Exhibition tip - Omer Fast at the Netherlands Media Art Institute



There is a fantastic exhibition right now at the Netherlands Media Art Institute in Amsterdam and if i were you, i'd go there immediately.

Not only because the 5 videos by Omer Fast NIMk is showing are worth the trip but also because NIMk (as well as other Dutch new media art centers) needs all the national and international support it can get right now. But more on this later!

Fast's Nostalgia trilogy is a particularly stunning, moving, words-fail-me-really artwork. The three films are based on the actual story of a West African refugee who requested asylum in London.


The fist video follows a white man as he is building a trap for partridges in the woods, a voice over explains how to do so. The shots evoke an amateur video.


The second part reenacts the conversation that the artist had with a young Nigerian man who is seeking political asylum in the UK. The film is more polished and unfolds over two screens. Despite the tragic theme, the short movie feels like a comedy with the white artist attempting to understand the life that the young man had in Africa while the former Nigerian child soldier gently plays with the artist's preconceptions about Africa.



The final part of the video is shot on 16mm and looks like a scifi movie shot and set in the 1970s. This time, the emigrant is a white English man from Surrey who sold his kidney and bike in exchange for a clandestine trip to Africa. The poor guy was arrested on the coast of West Africa. He had to flee an England of the future where people starve and hope for a better life in a prosperous African country where Britons are not welcome. That episode was particularly moving because of the way traditional roles are reversed. The European guy is pleasing for a place in well-off Africa while the African immigration officer displays the kind of prejudice we might have over here in Europe. While talking later with her lover, an immigration officer explains that "In England people might be poor but they are incredibly friendly", and the boyfriend retorts that "No one travels to Europe anymore, only hippies used to go there as voluntary workers,' etc.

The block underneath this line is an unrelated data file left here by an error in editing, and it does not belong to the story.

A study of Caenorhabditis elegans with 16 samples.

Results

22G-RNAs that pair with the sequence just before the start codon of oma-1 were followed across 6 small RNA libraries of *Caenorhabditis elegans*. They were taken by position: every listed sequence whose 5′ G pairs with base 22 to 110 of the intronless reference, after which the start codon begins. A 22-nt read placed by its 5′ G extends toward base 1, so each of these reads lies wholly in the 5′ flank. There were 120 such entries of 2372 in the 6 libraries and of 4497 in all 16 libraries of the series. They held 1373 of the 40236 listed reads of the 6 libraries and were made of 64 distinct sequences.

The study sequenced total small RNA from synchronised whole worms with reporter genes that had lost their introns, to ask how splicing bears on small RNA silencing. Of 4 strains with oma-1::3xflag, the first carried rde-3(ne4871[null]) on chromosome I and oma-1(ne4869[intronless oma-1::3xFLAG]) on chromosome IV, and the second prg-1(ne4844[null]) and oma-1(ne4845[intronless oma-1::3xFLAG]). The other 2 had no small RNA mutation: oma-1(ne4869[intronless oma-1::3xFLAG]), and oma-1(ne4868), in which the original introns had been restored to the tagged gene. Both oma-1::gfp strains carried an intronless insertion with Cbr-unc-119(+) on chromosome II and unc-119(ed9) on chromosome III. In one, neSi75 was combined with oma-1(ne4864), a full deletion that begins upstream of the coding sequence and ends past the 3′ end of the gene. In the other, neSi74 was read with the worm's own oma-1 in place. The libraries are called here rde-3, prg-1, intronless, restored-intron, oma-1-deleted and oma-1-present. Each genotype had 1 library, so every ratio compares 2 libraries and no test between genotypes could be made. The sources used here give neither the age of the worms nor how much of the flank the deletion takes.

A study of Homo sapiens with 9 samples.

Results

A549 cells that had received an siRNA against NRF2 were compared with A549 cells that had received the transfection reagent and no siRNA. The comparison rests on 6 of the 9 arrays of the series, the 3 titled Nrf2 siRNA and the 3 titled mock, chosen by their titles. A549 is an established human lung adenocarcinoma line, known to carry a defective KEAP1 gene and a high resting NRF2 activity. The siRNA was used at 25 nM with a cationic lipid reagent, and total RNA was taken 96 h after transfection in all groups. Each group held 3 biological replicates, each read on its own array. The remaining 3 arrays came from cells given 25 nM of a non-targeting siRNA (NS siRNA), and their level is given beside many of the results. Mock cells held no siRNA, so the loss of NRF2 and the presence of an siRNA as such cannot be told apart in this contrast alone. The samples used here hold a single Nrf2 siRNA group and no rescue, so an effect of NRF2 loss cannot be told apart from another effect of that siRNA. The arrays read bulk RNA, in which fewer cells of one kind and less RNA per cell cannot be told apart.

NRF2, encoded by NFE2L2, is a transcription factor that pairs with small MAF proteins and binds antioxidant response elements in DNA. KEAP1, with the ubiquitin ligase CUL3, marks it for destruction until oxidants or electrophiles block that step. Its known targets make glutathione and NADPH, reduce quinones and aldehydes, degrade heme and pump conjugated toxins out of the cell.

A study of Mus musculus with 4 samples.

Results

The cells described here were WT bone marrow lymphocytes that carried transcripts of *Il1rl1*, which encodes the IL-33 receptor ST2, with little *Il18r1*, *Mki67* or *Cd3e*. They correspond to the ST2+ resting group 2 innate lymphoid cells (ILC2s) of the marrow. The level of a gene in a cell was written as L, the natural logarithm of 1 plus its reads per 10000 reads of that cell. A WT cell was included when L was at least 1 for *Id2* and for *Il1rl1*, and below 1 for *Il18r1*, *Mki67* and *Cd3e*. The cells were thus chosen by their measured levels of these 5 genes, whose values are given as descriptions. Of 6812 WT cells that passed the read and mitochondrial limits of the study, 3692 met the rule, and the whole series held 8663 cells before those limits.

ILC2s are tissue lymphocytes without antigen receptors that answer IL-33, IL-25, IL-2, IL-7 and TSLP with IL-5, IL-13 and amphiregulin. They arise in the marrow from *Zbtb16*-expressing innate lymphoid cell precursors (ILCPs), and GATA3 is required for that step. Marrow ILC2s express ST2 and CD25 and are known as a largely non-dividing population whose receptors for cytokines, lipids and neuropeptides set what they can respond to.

Nostalgia provides the missing piece in the current immigration debate in Europe (or lack of in many cases.)

Omer Fast's exhibition remains open until 23 July 2011 at the Netherlands Media Art Institute in Amsterdam.


Show your support by writing your comment on NIMk's Media Art, We Care page. And sign the Save Dutch Media art orgs. Govt plans to slash them all! petition.

Read also: Letter to Dutch art butcher Halbe Zijlstra, Response New Media & Art Institutions To Governmental Cuts, Dutch Coup d'Etat in art and culture, Support the Rijksakademie, secure the art of the future.